More than 82 per cent babies are born in Jammu and Kashmir’s private hospitals through Caesarean Section—a unique procedure performed the world over. Even though it has contributed more to the welfare of mankind and saved more lives than any other surgical intervention designed or devised till date, the frequency is alarming and against the WHO recommendations.
The etymology of the expression ‘Caesarean section’ is uncertain. Put otherwise, it ought to be used sparingly and resorted to only in emergencies. Nature has made elaborate arrangements for childbirth and resorting to artificial methods is not prudent. Experts say there are only two groups of indications for resorting to alternatives: Mechanical abnormalities or functional disorders of the genital organs or the passage; and an imminent danger to the foetus — when its stay any longer in the womb would be disastrous to itself, technically called foetal distress.
There are accusations that many doctor and private health institutions resort to Caesarean section to mint money. If true, there is no question that such practice is unethical or purely corrupt, something which warrants action against those resorting to artificial means which are life-saving and not routine.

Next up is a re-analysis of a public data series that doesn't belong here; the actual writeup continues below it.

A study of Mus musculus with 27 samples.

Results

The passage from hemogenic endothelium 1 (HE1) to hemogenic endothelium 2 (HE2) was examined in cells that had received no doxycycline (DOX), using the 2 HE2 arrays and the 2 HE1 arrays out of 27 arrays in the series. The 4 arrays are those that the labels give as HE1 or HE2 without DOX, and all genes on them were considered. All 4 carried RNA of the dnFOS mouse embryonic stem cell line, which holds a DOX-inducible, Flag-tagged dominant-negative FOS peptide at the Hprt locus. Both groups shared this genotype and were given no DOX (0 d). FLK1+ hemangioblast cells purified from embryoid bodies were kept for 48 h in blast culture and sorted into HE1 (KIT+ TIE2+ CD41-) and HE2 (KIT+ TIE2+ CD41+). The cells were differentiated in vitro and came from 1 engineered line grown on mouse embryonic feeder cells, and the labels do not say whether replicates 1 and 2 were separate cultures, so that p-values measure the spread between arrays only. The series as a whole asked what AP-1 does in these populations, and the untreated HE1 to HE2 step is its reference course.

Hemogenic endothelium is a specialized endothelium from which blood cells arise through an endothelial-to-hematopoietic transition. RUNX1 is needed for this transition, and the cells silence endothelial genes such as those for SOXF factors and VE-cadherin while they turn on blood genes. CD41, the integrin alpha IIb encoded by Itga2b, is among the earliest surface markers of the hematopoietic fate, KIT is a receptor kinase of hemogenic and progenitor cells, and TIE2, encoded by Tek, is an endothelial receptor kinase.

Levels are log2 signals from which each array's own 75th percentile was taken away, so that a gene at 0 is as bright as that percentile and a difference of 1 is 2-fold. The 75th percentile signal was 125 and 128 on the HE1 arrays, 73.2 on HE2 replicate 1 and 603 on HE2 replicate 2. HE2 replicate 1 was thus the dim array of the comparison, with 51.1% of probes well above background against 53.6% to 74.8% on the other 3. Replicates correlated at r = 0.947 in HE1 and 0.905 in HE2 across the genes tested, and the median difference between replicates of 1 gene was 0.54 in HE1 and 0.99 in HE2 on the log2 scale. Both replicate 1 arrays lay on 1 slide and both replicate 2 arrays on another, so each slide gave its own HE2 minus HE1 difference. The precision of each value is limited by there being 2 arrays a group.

WHO says that overuse of caesarean sections raises risks to the mother and her child associated with the unnecessary procedure. These risks, as per WHO, include avoidable maternal complications such as infections, haemorrhage, complications related to use of anaesthesia or blood transfusion, and infant morbidity, for example, respiratory problems, asthma and obesity in children. Caesarean sections can also lead to added complications for the mother in subsequent pregnancies, including uterine rupture, placental implantation problems and need for hysterectomy. High rates of caesarean sections are also associated with substantial health-care costs, which can pose a considerable burden on health systems.
To address the rising rates worldwide and prevent the harm to women and newborns resulting from overuse of this procedure, in 2018 the WHO published new recommendations on non-clinical interventions— those that are applied outside of the routine clinical interactions between a provider and pregnant woman— to reduce unnecessary caesarean sections.
There is need to create awareness by the government to allow the foetus to “follow the royal road.” Also, there is a need for the government, both J&K and the centre to take action against those resorting to such a procedure outside the realm of the necessary interventions.